Fantasy Fights

Intelligent, unique MMA analysis

UFC 133 Preview: Yoshihiro Akiyama vs. Vitor Belfort

Vitor Belfort is the perfect example of a fighter whose performances haven’t quite matched his hype. For many years, people have looked at Belfort and seen a man that represents the prototype of everything a fighter should be.

Lightning-fast hands…

Top-level jiu-jitsu…

Great wrestling…

A phenomenal athlete…

For all the hype, what Belfort has delivered is a 19-9 overall record which includes a 6-9 record against “UFC-quality” opponents.

The wins: Gilbert Yvel, Heath Herring, Randy Couture (by cut stoppage), Terry Martin, Matt Lindland, and Rich Franklin.

The losses: Randy Couture, Kazushi Sakuraba, Chuck Liddell, Randy Couture (again), Tito Ortiz, Alistair Overeem, Alistair Overeem (again), Dan Henderson, and Anderson Silva.

Before you point out the absence of Wanderlei Silva from the wins list, keep in mind that Victory Score is based on a fighter’s record at the time a fight took place. When Belfort beat Silva, Silva was 5-1 and his best win was against Mike Van Arsdale.

Even if you want to include Wanderlei, that makes Belfort a lackluster 7-9 against top competition. Granted, his losses are generally to outstanding fighters, but with the way Belfort gets hyped, one would think that he was some kind of MMA deity. Instead, what Belfort has been is a very average fighter (by UFC standards). There’s nothing particularly wrong with that, but it illustrates that there’s a real disconnect between the way Belfort performs and the way people perceive the performances of Belfort.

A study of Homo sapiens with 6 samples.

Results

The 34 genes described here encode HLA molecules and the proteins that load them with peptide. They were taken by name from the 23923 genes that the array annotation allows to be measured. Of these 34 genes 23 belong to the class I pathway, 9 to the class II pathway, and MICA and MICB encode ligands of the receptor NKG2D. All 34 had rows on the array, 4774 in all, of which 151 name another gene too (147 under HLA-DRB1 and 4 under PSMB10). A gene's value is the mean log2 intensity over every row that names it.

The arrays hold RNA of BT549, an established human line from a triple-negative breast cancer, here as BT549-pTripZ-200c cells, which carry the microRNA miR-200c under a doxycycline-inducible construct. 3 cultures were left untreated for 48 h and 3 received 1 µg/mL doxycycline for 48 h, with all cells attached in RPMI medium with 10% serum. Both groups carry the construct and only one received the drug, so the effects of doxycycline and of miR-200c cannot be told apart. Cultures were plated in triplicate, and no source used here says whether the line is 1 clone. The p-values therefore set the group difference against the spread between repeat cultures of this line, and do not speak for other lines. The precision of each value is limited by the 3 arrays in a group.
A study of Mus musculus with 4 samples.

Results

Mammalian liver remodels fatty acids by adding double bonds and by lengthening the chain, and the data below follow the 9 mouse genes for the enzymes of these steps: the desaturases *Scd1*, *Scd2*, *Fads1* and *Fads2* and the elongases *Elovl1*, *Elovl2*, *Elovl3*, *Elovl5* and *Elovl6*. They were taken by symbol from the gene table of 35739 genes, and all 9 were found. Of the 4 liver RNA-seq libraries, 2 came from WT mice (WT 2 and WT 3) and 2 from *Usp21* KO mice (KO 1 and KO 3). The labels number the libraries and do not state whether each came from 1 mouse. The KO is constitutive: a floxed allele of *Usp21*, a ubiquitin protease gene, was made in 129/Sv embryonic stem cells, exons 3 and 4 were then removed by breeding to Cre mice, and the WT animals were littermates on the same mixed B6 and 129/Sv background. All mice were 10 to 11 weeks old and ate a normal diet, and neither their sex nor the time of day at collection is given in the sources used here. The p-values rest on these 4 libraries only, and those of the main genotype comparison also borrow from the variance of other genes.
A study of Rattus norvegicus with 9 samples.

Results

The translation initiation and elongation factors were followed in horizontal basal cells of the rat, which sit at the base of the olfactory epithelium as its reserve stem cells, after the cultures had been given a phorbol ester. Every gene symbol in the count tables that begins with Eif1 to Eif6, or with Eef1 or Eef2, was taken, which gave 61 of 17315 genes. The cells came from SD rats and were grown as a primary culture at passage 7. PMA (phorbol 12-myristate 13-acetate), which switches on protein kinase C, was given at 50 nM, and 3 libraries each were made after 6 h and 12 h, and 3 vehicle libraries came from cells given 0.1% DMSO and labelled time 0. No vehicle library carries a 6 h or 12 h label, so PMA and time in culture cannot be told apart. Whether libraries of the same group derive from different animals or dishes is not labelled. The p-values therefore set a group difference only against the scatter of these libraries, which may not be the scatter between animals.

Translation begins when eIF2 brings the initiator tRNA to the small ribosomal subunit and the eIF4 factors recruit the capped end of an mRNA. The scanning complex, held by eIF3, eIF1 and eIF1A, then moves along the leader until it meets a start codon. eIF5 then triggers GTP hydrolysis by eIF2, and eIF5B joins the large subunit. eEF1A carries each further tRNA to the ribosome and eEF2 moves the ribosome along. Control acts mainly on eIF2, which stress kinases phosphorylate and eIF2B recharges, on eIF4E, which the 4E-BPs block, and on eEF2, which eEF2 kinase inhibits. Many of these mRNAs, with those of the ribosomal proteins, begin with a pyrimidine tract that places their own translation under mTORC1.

The problem with Belfort is that, historically, if he doesn’t get the sudden KO, he struggles. A big part of the MMA game is being able to maintain offense throughout a fight, and too often, Belfort has gotten shut down by his opponents. Whether it’s Dan Henderson, who thoroughly controlled Belfort at PRIDE 32, or Alistair Overeem, who did a good job of taking Belfort out of his game, Belfort isn’t the kind of fighter who has shown he can rally if things aren’t going well for him.

With all of that having been said, there’s a real chance that Yoshihiro Akiyama can take Vitor Belfort out of his game. Akiyama has very good judo, and is quite capable of getting into the clinch, taking Belfort down, and making the fight difficult for him. Akiyama has decent hands as well – he’s certainly not incapable of striking with Belfort.

The problem is that Akiyama seems to like his hands a bit too much. Against Michael Bisping, Akiyama seemed to have a decent chance on paper, but he almost certainly did himself a disservice by making the fight a striking war. As it turns out, Akiyama played to his opponent’s strengths, not his own. The same could be said of Akiyama’s fight against Chris Leben, although Akiyama displayed his judo quite a bit more in that fight. Both times, Akiyama ended up fatiguing well before the end of the fight, and that’s despite being a fighter who cuts very little, if any, weight.

I would implore Akiyama not to get sucked into a striking war with Belfort, because if he does that, he’s almost certainly going to lose. Instead, Akiyama should do everything he can to get into the clinch and play to his strengths, which in this case happen to be his opponent’s weaknesses. Take Vitor Belfort out of his game, and Akiyama should have an excellent chance of victory.


Unfortunately, I have little faith in Akiyama’s ability to play a smart game here. Akiyama’s three fight UFC career – against Bisping, Leben, and Alan Belcher – has revealed that his desire is to strike with his opponents, even when that means playing to his opponent’s strengths. That means that I have to give Vitor Belfort a sizable advantage here. Belfort might not be the ruthless machine that he’s portrayed to be, but he still has serious, devastating one-punch KO power. When Akiyama decides to test the power of Belfort, he’ll be putting himself at severe risk of becoming Belfort’s latest victim.